The Three Seas Initiative – One Year after the Riga Summit: Full Steam Ahead?
We are witnessing an increased political concreteness of the Three Seas Initiative (3SI) as the September 2023 Summit in Bucharest is approaching. First of all, we should look at the goals of this Initiative. As mentioned in several other papers, this is first and foremost a regional Initiative established based on a shared sense of identity, interdependence and cooperation. Romania joined the platform without reservations from its beginning, organising in Bucharest in 2018 the third summit of this Initiative.
In 2022, Romania announced that it would host again this event. This was meant to bring closer to the Black Sea the decision-centre of the 3SI, adapting it to the new realities of the security environment. It was also the year when the Initiative focused more on Ukraine and the possible common interconnectivity project, while Romania raised the question of expanding the membership to the Republic of Moldova and Georgia.
Besides the current Rail2Sea and Via Carpathia projects, an agreement between Transgaz and the 3SI Investment Fund was also signed, aimed at developing Romania’s natural gas infrastructure and connectivity, by integrating hydrogen transport as well, with a total estimated value of 626 million EUR.
In view of the 2023 summit, Romania intends to reconfirm the Initiative as a mature political platform, which generates investment and strategic interconnection on the North-South axis and connectivity with the partners of the 3SI.
In an official response, the Romanian minister of Foreign Affairs clearly states that Romania would focus on bringing Ukraine, the Republic of Moldova and Georgia closer to the Initiative. Moreover, it continues supporting the invitation of Germany to join the 3SI, while also taking into consideration the intentions of Greece and North Macedonia of becoming members.
Having in mind that economy is a dominant sector for the 3SI cooperation, Romania intends to attract financial institutions in providing support to the 3SI Investment Fund, while also exploring the possibility to have a complementary Innovation Fund attached to it, based on purpose-driven innovation principle. Additionally, the digital infrastructure and cybersecurity remain priorities on the agenda.
Romania also envisages the full reactivation of the Three Seas Initiative Commerce Chambers created during the 2018 Bucharest Summit as a support framework for the Business Forum, by organising a new meeting of the format on 7 September 2023.
As of August 2023, on the official website of the Three Seas Initiative, the objectives of the Bucharest Summit are mentioned distinctly with a renewed focus on the geopolitical perspective such as the need of defining the relationship with a geopolitically reconfigured neighbourhood and the need to advance the process of 3SI enlargement with the countries that manifested interest for the Initiative’s activities and meet the criteria (it is expected that the Hellenic Republic will join the Initiative, thus becoming the 13th participating state of the Initiative; Ukraine and the Republic of Moldova will be granted the new status of “associated participating states” to the 3SI).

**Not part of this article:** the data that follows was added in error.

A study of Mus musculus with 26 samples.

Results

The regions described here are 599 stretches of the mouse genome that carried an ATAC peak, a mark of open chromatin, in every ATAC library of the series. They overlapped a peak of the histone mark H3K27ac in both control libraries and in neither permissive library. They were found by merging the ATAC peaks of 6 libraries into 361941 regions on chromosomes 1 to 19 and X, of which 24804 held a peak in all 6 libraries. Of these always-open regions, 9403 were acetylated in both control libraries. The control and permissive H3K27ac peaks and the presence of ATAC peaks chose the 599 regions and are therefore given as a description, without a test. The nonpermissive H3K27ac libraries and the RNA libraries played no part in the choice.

Prior to the 3SI Bucharest Summit, among the many issues that may still look fluid, a dominant feeling is that the Initiative is going from its infancy phase to that of a full maturity and the prospects look better than ever.
This material was initially published in the collective Working Paper, No. 46, titled “Anticipating the 2023 Three Seas Initiative Bucharest Summit. Advancing the common agenda” from April 2023.
This micro-study gathers contributions from 14 researchers, think tankers, consultants and former public officials from Austria, Bulgaria, Croatia, the Czech Republic, Hungary, Latvia, Lithuania, Poland, Slovakia. Additionally, the report includes the views of 5 experts from Three Seas Initiative (3SI) partner countries and potential future member states: Georgia, Greece, the Republic of Moldova and Ukraine. The authors assessed their country’s contribution to the enhancement of the cooperation within the 3SI, while considering the potential impact of the envisioned expansion, and the Initiative’s complementarity with the European Union membership.
The collective report also includes 4 analyses signed by Romanian experts presenting their views on the national commitment to the advancement of the Three Seas Initiative, the Romanian-backed projects, as well as the goals set for the 2023 Bucharest Summit.
The full text of the Working Paper, available in English, can be accessed here.
The opinions presented belong to the author and do not represent the official position of any affiliated institution, or the position of the European Institute of Romania.
Photo source: Gül Işık (pexels.com).